Detroit Students Transform Their Lives through Food and Entrepreneurship

Detroit Food Academy uses food and social entrepreneurship as a way to provide students with tools to become confident and holistic leaders in their lives, schools, and communities.

February 9, 2016

By Sam Loscalzo, Michigan Good Food Charter Graduate Assistant and Liz Gensler, MSU Center for Regional Food Systems 

It’s a brisk 32 degrees outside but Detroit Food Academy’s (DFA) Hassan Almaleki and DeShawn Lindsay are braving the elements at Detroit, Michigan’s Eastern Market to sell Mitten Bites, a healthy snack product created by DFA students. Almaleki is an alumnus of DFA and Lindsay is one of over 200 high school and middle school students who participated in DFA’s experiential leadership programming this past fall.

DFA uses food and social entrepreneurship as a way to help students become confident and holistic leaders in their lives, schools, and communities. At every step of the way, students develop math and literacy skills, build relationships and learn perseverance. 

Through the afterschool Academy program, students learn about culinary arts and nutrition during the fall semester. At the end of the semester, students budget for and plan a community meal which they share with friends and families. The spring semester is focused on developing a food-related business based on the triple bottom line of people, planet, and profit. At the end of the year, students pilot their business ideas at a school event.

In the summer, Academy graduates can apply for a six-week paid internship and pursue one of two tracks – Food Entrepreneurship or Culinary Arts – during which interns are mentored by local chefs and business owners to further hone their crafts. 


From left to right are Detroit Food Academy's Hassan Almaleki, Angela Abiodun, and DeShawn Lindsay. Photo courtesy Sam Loscalzo.

Eleventh grade DFA student Nonnie Williams joined the program two years ago because her best friend signed up and “It looked really interesting. I was really just going to learn how to cook but I learned much more than that. Not only has it taught me about food but through me, I’ve been able to inspire other people and even my family.”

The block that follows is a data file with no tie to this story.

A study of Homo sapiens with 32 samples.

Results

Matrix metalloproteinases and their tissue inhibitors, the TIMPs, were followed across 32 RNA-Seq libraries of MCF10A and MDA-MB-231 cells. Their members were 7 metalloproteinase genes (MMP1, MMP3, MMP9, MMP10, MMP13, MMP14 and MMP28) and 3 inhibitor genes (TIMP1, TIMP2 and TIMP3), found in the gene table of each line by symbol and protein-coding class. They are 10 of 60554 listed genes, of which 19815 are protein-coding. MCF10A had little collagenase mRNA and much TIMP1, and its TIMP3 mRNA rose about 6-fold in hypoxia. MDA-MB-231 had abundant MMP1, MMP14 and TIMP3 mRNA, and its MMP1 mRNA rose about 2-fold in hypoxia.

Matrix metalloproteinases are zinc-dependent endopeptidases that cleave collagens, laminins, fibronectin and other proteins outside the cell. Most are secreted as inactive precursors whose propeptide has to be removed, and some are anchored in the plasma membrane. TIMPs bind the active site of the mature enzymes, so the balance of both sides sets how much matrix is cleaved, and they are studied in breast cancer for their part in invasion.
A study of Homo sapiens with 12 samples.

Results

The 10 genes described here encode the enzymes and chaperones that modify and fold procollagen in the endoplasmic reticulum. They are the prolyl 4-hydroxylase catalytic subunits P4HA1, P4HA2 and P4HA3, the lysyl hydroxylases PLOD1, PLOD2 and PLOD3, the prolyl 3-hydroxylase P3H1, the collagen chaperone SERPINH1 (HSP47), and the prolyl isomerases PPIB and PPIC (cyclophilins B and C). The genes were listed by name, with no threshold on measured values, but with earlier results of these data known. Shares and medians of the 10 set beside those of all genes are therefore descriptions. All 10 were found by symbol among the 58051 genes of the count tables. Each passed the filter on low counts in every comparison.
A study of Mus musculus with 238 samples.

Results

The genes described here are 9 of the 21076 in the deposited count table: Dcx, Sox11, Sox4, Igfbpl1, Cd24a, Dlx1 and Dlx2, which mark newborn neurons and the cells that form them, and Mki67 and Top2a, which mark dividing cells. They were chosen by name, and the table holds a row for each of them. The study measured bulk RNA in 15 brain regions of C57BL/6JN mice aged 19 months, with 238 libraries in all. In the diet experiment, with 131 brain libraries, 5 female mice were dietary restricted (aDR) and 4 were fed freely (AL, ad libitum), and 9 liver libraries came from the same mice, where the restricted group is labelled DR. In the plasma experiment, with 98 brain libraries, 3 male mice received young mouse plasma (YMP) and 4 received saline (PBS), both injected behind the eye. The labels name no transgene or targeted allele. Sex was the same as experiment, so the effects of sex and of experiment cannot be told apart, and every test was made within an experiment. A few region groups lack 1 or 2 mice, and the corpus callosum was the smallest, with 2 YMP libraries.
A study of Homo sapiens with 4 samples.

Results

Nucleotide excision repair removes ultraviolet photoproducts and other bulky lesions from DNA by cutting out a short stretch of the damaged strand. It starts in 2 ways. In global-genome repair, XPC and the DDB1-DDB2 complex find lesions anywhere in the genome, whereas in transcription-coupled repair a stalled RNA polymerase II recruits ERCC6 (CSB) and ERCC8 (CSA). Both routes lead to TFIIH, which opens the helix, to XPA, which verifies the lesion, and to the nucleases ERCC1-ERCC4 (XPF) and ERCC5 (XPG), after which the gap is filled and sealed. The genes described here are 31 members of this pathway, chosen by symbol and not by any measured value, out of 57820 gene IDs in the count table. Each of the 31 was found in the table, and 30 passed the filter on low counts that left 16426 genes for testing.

This December, Williams and other DFA students were hired to host a holiday party. She was very nervous but DFA mentors taught them what they needed to be successful and Williams reported that, “It was just a great experience.” Williams is now much more confident that she can handle future food business endeavors.

“Parents are always telling us how their students are becoming more confident in their ability to speak and lead each other,” said Angela Abiodun, DFA’s Director of Programs.  Their ability to succeed in school also improves because they are “trying, attempting and finding new ways to solve problems through the cooking and business process.”

Soon DFA will roll out their Small Batch Fellows program to provide greater assistance to students who would like support in “figuring out what their next steps will be. Those next steps can be going to school, finding a job in the city, starting their own business; whatever the next steps are for the students,” explained Abiodun. “We want to make sure not to box them into what their options can be.”

After Williams completes DFA’s programs and graduates from high school, she is considering a degree in culinary arts with a minor in nutrition. While she is uncertain just what career she will pursue, she is confident in her future and says, “I feel like I can live a healthier life now and I know pretty much that I can do anything with DFA. There are endless opportunities and you meet so many people.”